The government of the United States is opening a USD 125 million building, named the Innovation Center, in its embassy compound in Helsinki. According to the American Chamber of Commerce in Finland, the space is a one-of-a-kind tool to enhance trade and investment between the United States and Europe at the center of the rapidly developing Northern European market,
“The project is a strong statement about the strength of US-Finnish relations, bolstering our already strong relationship by providing a regional platform to network, make connections and conduct business,” says Ambassador Bruce Oreck. The grand opening of the Innovation Center is scheduled for February 26.
Inspiring meeting place
The Innovation Center has been designed as a place to talk about the cutting edge in a beautiful, environmentally friendly setting. Besides hosting the offices of its personnel, the soaring glass building will be the embassy’s primary location for meetings, information sharing, press availability and cultural programming.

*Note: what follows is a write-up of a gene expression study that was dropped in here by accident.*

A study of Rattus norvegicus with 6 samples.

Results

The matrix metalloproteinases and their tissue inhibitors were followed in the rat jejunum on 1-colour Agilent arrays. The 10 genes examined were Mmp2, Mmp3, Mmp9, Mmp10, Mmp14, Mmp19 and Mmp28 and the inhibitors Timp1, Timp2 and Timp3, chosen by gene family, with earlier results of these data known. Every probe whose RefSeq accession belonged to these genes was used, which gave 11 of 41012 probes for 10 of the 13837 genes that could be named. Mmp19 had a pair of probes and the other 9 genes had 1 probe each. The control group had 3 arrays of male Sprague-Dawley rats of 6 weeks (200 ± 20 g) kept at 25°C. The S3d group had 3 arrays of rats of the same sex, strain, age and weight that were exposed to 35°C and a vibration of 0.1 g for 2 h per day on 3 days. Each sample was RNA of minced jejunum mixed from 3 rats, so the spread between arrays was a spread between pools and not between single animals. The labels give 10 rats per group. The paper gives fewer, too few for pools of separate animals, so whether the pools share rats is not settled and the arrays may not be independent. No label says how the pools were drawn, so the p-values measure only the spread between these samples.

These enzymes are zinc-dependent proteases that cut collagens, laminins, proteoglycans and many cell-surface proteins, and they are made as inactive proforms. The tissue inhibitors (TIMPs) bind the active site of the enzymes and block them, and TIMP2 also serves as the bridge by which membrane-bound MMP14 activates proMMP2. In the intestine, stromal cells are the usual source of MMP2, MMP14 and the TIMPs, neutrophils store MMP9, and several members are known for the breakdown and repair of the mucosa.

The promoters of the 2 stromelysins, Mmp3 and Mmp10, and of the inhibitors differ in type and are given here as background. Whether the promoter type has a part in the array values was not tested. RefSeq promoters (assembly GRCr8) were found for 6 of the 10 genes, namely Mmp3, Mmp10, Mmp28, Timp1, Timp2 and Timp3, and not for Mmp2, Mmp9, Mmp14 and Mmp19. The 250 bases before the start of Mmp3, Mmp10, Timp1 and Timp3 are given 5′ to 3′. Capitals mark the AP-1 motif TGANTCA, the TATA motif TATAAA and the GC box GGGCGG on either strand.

“We want companies to feel that the Innovation Center is an easy extension of their own offices, where they can convene competitions, exhibitions, and meet partners,” says Oreck. The Embassy also looks to partner with businesses on social issues, through the companies’ corporate social responsibility activities.
Energy efficient solutions
The building is extremely energy efficient, showcasing American and Finnish cleantech solutions. LED and OLED lighting technology has been used throughout. It is also the first embassy in the world to use district cooling and heating and is on track to become the first embassy worldwide to receive LEED Platinum certification from the US Green Building Council.
The word “regional” figures often and strongly, as the ambassador and embassy spokespeople describe their ambitious undertaking. They refer to Finland’s location and growing clout at the center of 80 million consumers. The highly sophisticated and well-functioning Finnish market is, indeed, a beneficiary of its 800-mile border with new WTO member Russia, the drive in the nearby Baltic countries, the established Scandinavian markets, and the rapidly developing business opportunities in the Arctic.